VICTOR

Victor saved my life. Picture this: 19 years old, with no army experience whatsoever, forced to fight; to murder people I’ve never even met. What have they ever done to me? Nothing. So why drag me, and thousands of others, into a pointless war involving a conflict that can easily be sorted by sitting down and talking. Years after a little dog saved Pablo's life, disaster strikes. But when the light's gone out and you're certain someone's disabled the cord, will there be Victor-y?


Chapter Six

“The death poll has risen to 36,517. Thousands of others...”

I turn off the TV. I don’t want to hear it.

Day 20. The same dog has walked past my house for 3 days in a row. So far it doesn’t look like there’s anything wrong with it. Why isn’t it infected?

Online they’ve put up a list of everyone who’s died. Ella’s mum is there, as are 2 of my old friends from college. Apparently now you don’t even need to go outside to die. You just need space between the bottom of your door and the carpets.

Ella finally emerged from our room today. I notice that she’s done her make-up and changed out of her pyjamas. I smile.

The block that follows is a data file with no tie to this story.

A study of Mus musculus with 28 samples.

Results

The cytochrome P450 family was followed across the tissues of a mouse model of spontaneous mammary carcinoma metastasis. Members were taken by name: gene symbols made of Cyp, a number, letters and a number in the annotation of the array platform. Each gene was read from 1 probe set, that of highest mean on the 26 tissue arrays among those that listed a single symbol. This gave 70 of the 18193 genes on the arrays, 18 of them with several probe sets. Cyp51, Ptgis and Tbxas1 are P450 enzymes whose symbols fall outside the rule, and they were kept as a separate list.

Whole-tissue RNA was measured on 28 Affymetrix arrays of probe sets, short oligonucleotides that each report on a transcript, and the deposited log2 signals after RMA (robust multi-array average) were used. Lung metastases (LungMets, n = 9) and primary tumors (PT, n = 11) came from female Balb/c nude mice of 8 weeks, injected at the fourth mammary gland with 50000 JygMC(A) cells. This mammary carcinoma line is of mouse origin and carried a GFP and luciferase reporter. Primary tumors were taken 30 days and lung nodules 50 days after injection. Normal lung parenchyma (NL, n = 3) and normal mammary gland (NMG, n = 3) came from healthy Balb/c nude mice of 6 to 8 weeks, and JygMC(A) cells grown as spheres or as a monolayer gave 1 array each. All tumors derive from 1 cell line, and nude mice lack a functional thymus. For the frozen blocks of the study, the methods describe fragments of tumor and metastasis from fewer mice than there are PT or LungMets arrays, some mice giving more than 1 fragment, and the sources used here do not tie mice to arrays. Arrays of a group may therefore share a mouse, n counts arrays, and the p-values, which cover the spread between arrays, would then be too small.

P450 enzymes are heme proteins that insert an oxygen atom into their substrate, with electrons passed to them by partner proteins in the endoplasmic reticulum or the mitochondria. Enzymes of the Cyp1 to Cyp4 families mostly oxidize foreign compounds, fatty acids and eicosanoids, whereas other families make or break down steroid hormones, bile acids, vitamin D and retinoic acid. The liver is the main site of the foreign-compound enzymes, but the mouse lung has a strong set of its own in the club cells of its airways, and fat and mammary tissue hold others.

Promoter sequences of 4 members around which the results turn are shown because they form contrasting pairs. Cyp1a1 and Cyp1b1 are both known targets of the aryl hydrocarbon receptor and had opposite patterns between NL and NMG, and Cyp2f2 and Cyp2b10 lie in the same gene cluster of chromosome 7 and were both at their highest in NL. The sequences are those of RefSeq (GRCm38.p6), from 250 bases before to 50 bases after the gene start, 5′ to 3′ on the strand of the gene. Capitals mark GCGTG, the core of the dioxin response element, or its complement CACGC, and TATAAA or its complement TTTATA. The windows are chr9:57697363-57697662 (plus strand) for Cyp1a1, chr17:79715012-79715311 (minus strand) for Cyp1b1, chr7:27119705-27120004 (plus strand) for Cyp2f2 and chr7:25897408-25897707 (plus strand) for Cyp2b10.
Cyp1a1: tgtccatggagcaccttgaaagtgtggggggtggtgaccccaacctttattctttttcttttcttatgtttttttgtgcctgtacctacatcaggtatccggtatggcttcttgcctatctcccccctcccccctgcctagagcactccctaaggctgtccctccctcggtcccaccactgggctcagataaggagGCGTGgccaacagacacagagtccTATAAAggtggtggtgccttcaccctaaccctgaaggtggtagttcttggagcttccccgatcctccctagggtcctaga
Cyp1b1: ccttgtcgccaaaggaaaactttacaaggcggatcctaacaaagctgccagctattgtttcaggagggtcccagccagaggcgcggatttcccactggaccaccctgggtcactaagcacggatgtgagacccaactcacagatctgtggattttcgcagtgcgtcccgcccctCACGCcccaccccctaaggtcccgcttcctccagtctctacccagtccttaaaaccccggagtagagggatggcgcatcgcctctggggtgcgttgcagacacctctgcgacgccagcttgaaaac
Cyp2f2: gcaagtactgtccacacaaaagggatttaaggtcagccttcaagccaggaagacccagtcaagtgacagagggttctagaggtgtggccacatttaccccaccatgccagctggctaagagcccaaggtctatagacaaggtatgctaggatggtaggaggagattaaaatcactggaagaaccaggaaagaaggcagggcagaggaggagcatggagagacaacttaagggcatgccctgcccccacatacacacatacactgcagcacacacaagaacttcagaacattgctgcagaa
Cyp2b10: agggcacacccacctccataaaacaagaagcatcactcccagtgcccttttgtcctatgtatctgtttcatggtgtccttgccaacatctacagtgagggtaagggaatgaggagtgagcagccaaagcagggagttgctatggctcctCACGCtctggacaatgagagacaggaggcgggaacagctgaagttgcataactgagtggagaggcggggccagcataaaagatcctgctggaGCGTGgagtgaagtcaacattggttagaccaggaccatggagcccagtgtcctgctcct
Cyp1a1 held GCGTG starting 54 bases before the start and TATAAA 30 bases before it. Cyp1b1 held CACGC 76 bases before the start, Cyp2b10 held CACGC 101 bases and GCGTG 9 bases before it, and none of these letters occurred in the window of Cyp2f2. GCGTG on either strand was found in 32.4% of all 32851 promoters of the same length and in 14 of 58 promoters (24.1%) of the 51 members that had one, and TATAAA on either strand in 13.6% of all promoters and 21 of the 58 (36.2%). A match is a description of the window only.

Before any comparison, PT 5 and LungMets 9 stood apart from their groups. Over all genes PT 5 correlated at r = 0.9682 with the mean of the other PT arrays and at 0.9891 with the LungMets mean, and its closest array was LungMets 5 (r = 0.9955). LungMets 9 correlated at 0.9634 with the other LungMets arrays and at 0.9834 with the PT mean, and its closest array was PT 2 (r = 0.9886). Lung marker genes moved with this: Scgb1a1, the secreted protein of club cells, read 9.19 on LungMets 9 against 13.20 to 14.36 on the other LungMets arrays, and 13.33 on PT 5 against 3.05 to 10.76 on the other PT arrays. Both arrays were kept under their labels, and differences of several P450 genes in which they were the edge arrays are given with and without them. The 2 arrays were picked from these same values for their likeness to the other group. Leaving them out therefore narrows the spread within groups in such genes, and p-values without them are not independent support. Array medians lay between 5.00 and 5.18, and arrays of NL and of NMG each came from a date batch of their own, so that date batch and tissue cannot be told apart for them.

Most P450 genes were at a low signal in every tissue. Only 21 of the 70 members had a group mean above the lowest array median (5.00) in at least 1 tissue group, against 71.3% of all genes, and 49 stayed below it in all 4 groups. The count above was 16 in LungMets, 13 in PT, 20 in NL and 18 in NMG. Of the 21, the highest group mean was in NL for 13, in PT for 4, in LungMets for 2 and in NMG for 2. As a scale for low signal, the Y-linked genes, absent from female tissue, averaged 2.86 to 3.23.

“What you looking at?”                                                                                                                             I quickly cover the website with my hand.                                                                                                                                “It’s OK, just show me,” She prises my fingers away with surprising strength. Her face is expressionless; she glances at the list and says nothing.

“Oh.”

“Sorry – I was just looking to see if any of my old friends are on here.”                                                                                                                 “And are they?”                                                                                                                    “Yeah, Mikey D and Joe Francis from college.”                                                                                                                “I’m sorry to hear that.”                                                                                                            “Yeah.”

Later, when I’m cooking food, I realise a shocking revelation: We are down to the last few scraps of food. There are a couple of tins of beans in the cupboard;  a few snacks in the fridge. But that’s about it.

Instead of making casserole like I planned, I get some bread and make beans on toast for both of us. Ella doesn’t say a word when I hand her the plate. She just eats.

We don’t talk for the rest of the evening. Instead we watch the news, where 30 more people have died.